A novel mutation in COQ2 leading to fatal infantile multisystem disease
SourceJournal of the Neurological Sciences, 326, 1-2, (2013), pp. 24-28
Article / Letter to editor
Laboratory of Genetic, Endocrine and Metabolic Diseases
Journal of the Neurological Sciences
SubjectDCN NN - Brain networks and neuronal communication; DCN PAC - Perception action and control IGMD 4: Glycostation disorders; IGMD 3: Genomic disorders and inherited multi-system disorders; IGMD 3: Genomic disorders and inherited multi-system disorders NCMLS 4: Energy and redox metabolism; IGMD 8: Mitochondrial medicine; IGMD 8: Mitochondrial medicine NCMLS 4: Energy and redox metabolism; IGMD 9: Renal disorder NCMLS 4: Energy and redox metabolism; IGMD 9: Renal disorder NCMLS 5: Membrane transport and intracellular motility; IGMD 8: Mitochondrial medicine NCMLS 4: Energy and redox metabolism; IGMD 9: Renal disorder NCMLS 5: Membrane transport and intracellular motility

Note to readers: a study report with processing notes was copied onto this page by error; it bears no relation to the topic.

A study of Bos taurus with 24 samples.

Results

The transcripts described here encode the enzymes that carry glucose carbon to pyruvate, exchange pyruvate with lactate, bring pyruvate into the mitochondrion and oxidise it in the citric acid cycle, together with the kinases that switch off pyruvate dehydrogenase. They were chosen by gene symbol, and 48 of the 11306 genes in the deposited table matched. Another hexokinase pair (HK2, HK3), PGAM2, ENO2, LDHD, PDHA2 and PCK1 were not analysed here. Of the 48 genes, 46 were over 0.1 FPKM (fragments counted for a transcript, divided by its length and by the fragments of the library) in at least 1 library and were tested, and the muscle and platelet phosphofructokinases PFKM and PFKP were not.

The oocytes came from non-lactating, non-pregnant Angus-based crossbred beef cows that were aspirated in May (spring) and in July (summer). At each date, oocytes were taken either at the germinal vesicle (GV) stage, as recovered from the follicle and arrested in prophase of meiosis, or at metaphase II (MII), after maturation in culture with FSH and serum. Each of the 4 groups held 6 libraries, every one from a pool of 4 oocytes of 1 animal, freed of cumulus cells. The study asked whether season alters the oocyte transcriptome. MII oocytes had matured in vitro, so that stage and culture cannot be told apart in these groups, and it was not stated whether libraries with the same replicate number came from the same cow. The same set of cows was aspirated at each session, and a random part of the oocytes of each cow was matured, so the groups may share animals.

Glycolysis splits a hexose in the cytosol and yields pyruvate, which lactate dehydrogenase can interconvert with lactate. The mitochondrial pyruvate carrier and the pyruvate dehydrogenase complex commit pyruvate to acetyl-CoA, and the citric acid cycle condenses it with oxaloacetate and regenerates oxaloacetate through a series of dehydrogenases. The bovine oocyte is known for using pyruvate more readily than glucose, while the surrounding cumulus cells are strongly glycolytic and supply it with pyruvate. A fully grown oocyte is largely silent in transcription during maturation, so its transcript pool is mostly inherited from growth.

Coenzyme Q (ubiquinone or CoQ) serves as a redox carrier in the mitochondrial oxidative phosphorylation system. The reduced form of this lipid-soluble antioxidant (ubiquinol) is involved in other metabolic processes as well, such as preventing reactive oxygen species (ROS) induced damage from the mitochondrial membrane. Primary coenzyme Q deficiency is a rare, autosomal recessive disorder, often presenting with neurological and/or muscle involvement. Until now, five patients from four families have been described with primary coenzyme Q deficiency due to mutations in COQ2 encoding para-hydroxybenzoate polyprenyl transferase. Interestingly, four of these patients showed a distinctive renal involvement (focal segmental glomerular sclerosis, crescentic glomerulonephritis, nephrotic syndrome), which is only very rarely seen in correlation with mitochondrial disorders. The fifth patient deceases due to infantile multi organ failure, also with renal involvement. Here we report a novel homozygous mutation in COQ2 (c.905C>T, p.Ala302Val) in a dizygotic twin from consanguineous Turkish parents. The children were born prematurely and died at the age of five and six months, respectively, after an undulating disease course involving apneas, seizures, feeding problems and generalized edema, alternating with relative stable periods without the need of artificial ventilation. There was no evidence for renal involvement. We would like to raise awareness for this potentially treatable disorder which could be under diagnosed in patients with fatal neonatal or infantile multi-organ disease.